According to British newspaper the Guardian, permission for two US lawyers to see the five detainees at the US naval camp next Monday is being seen as a key move in trying to get them freed.
The US granted the visits after its Supreme Court ruled the base in Cuba was covered by American law despite the Bush administration claiming it was not, the report adds.
The Guardian said two British nationals, Muazzam Begg and Firoz Abbasi, have been suffering mental health problems during their imprisonment.
Both have been held in isolation for up to a year, with Begg having been detained in a windowless room, it added.
He was reportedly denied human contact after he started talking to guards and is monitored by a remote controlled camera.
During four days of visits next week, US lawyers are also expected to see British national Martin Mubanga, and two other London residents whom the Foreign Office refuses to represent, the Guardian said.
They are Bashir al-Rawi, an Iraqi national who had lived in Britain for 20 years, and Jamil al-Banna, a Jordanian refugee.
Lawyer Gitanjali Gutierrez, who will see Begg and Abbasi over four days, said the visit would help prepare their habeas corpus petitions in the US courts which she hoped would see them freed.
Gutierrez said the Pentagon was trying to apply conditions on the visit that she regarded as unacceptable, the paper said.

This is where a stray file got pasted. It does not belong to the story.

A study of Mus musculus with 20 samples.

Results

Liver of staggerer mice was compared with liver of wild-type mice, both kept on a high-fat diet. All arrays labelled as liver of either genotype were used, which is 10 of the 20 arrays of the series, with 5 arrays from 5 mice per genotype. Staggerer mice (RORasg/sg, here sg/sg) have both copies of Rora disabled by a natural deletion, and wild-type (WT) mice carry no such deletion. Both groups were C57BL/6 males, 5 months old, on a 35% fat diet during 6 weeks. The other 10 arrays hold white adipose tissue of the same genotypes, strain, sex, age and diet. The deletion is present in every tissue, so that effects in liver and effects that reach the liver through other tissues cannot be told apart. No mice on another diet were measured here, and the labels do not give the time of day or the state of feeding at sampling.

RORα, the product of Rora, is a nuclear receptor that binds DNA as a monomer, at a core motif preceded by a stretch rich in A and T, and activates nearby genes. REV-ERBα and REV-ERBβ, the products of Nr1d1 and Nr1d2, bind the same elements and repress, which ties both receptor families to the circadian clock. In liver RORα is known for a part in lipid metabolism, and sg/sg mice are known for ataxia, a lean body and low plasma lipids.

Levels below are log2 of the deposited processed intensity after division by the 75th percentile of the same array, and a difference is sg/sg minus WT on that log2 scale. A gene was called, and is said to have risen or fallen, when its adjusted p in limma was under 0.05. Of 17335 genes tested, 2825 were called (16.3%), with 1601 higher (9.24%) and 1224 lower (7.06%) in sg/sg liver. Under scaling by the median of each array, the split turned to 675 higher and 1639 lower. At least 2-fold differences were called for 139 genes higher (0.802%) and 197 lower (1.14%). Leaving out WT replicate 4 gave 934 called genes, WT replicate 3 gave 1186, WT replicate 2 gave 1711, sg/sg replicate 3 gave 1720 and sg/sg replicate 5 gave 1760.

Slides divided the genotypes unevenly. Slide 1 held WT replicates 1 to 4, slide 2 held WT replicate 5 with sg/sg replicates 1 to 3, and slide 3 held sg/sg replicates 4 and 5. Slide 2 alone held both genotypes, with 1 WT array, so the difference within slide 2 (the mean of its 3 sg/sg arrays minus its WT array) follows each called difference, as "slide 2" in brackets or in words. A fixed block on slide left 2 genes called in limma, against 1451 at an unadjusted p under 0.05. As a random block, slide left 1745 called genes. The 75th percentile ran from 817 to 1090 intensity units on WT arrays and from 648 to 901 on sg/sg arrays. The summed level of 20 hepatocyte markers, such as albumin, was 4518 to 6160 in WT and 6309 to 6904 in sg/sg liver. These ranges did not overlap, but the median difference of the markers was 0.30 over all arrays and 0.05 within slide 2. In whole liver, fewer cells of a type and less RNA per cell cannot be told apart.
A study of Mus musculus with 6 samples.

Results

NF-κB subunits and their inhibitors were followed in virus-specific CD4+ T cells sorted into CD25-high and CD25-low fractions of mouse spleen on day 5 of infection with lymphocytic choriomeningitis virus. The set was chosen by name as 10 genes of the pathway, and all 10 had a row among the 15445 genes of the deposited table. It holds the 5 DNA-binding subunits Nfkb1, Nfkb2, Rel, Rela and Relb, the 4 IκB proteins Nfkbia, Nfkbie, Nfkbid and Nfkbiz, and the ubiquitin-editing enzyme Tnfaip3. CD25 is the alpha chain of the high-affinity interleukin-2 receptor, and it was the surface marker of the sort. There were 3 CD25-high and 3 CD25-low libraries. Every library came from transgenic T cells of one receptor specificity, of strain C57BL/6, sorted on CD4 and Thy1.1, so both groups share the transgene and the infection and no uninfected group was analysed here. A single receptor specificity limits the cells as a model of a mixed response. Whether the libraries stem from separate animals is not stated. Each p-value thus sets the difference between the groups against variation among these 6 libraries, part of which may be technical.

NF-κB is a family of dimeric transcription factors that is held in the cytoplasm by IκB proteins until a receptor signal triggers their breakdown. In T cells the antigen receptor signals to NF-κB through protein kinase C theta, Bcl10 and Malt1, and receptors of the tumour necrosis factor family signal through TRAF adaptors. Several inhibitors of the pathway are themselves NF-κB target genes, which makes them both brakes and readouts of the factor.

Four residents of Britain and four
of its citizens are incarcerated
These include reading the notes made by the lawyers of their meetings with the prisoners and monitoring any mail between the two.
Gutierrez reportedly said negotiations were continuing for the Pentagon to drop these conditions. It has already been agreed that the meetings will not be monitored.
A total of four British nationals and four British residents are among the 585 remaining detainees at Guantanamo Bay, according to the Guardian.
Five British prisoners were released in March from the camp on the eastern tip of Cuba where Washington is holding foreigners whom it suspects of involvement in the al-Qaida network and Afghanistan's deposed Taliban.
Three of those - Asif Iqbal, Ruhal Ahmad and Shafiq Rasul, all from Tipton in northwest England - said in a dossier published in New York in August that they had been abused by their US captors.
Their 115-page report detailed incidents of sexual and religious humiliation, as well as brutal interrogation methods that induced false confessions.
Their claims followed similar allegations of mistreatment from Spanish and French former prisoners.